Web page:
In many families, October through early January brings a wave of excess candy, food, toys, books, and clothes. Right before the holiday season is an ideal time to declutter as it cuts down on post-holiday overwhelm. Here are some tips to introduce children to the idea and help them help you to help themselves!
Stop the flow of stuff by bringing less in. Choose to gift children experiences over items for their birthdays and holidays and ask family and friends if they would be willing to do the same. Practice turning down freebies yourself and make sure children also know that it is perfectly okay to smile and say, “No, thank you.” when they don’t actually want an item being given out whether it is at the dentist’s office, a store, or a birthday party. Don’t give in to every new toy request. Teach children to thoughtfully consider purchases and avoid buying two of the same toy when it is an item that can easily be shared among siblings.
Lead by example: If children witness their caregivers thoughtfully thumbing through their things and setting aside NICE clothes, shoes, bags, books, impulse purchases, etc., that they no longer use or love and participate in dropping those items off for donation then the concept will not be foreign to them when it is their turn. Talk to children about how sometimes we think we will need or use an item but it later turns out that we don’t and the options that we have to pass items on while they can still be of use to someone else. In many households, children already know that most things can be ordered from Amazon; let’s make it just as common for kids to know that most unwanted things can be donated to GoodWill (or any resale, charity, or thrift store), if they can still be used.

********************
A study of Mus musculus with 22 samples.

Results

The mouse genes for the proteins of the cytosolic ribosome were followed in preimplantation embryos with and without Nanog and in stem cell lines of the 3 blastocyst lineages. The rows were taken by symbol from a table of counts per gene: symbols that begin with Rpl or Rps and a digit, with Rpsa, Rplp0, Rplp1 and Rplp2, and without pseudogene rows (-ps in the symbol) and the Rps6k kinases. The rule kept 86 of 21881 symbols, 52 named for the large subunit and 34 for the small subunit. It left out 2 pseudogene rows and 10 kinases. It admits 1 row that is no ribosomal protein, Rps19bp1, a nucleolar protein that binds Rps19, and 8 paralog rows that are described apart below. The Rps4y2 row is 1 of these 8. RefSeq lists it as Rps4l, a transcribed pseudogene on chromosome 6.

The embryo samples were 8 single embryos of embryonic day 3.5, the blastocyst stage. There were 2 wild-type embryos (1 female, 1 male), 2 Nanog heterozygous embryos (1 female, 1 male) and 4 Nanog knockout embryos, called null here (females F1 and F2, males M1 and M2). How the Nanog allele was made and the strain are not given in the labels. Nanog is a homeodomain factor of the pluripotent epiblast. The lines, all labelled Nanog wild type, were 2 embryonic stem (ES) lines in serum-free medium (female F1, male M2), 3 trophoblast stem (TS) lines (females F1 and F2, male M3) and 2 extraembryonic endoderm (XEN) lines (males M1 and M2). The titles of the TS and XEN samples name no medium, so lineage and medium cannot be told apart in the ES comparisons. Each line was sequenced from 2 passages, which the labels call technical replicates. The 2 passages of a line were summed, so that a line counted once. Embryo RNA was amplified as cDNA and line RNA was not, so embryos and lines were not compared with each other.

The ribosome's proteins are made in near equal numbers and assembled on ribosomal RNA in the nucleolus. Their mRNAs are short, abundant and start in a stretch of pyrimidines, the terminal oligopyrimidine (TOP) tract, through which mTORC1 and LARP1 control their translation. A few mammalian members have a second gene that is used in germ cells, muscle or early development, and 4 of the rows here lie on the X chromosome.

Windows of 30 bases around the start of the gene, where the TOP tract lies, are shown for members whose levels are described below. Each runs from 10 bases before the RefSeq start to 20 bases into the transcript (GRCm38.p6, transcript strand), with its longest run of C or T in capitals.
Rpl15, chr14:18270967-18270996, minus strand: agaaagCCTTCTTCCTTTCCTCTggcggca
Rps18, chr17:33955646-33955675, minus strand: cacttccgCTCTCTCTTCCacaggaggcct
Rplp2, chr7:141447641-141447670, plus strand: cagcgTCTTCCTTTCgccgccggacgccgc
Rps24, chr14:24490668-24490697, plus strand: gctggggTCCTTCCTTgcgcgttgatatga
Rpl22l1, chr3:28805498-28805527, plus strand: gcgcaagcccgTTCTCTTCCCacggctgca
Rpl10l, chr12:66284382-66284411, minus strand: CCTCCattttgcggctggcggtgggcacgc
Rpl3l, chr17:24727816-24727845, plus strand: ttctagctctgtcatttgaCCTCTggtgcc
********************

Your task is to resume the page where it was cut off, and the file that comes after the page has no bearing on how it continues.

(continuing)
Choose an uninterrupted period of time to declutter and organize. If the child is old enough, let them participate but don’t ask, “Do you still want this toy?” or “Do you still play with this?” Instead, ask, “Can you pick out some toys to give to other little girls and boys who don’t have as much as us?” Choice can be both empowering and overwhelming, so choose two similar items at a time and asking which the child prefers to keep and which one they are ready to give away. But remember, don’t put the emphasis on keeping and if they want to give away an item that you feel they should keep, try to honor their choice. If the item in question is an heirloom or you have a very good reason for keeping it, discreetly remove it from the room and put it in a designated area for like items.
While they are making decisions, discourage children from dumping their unwanted toys on their siblings and encourage them to truly let them go instead (unless, of course, the sibling has a real desire and use for the item). When a child says every item is a keeper but you know there are items that are no longer used, loved, or played with, do some executive decluttering when the child is not present. To be on the safe side, if you have the space, you can seal a box with items you are confident will not be missed (much) and wait a month or so before donating it in case the child mentions the item specifically and expresses a wish to use or play with it.
Once decluttered, make it easy to maintain organization by having a designated place for games and puzzles, another for stuffed animals and dolls, and another for outdoor toys, etc. Label storage containers and bins with words for readers and pictures with or without words for non-readers. Help children avoid overwhelm by limiting themselves to one or two bins at a time and completely tidying those before taking out one or two more. Tidying up after play helps build routine, responsibility, and respect for belongings. Toys and games that don’t linger on the floor last much longer and can be enjoyed for years to come and then passed on to another family when the time comes, rather than having to be discarded due to being broken or having lost pieces or parts.
Decluttering and organizing are lifelong practices that help us focus on the things we really need, use, and enjoy and when we teach our children how to declutter and organize, we teach them to prioritize people over things and that – is the greatest gift we can ever give them.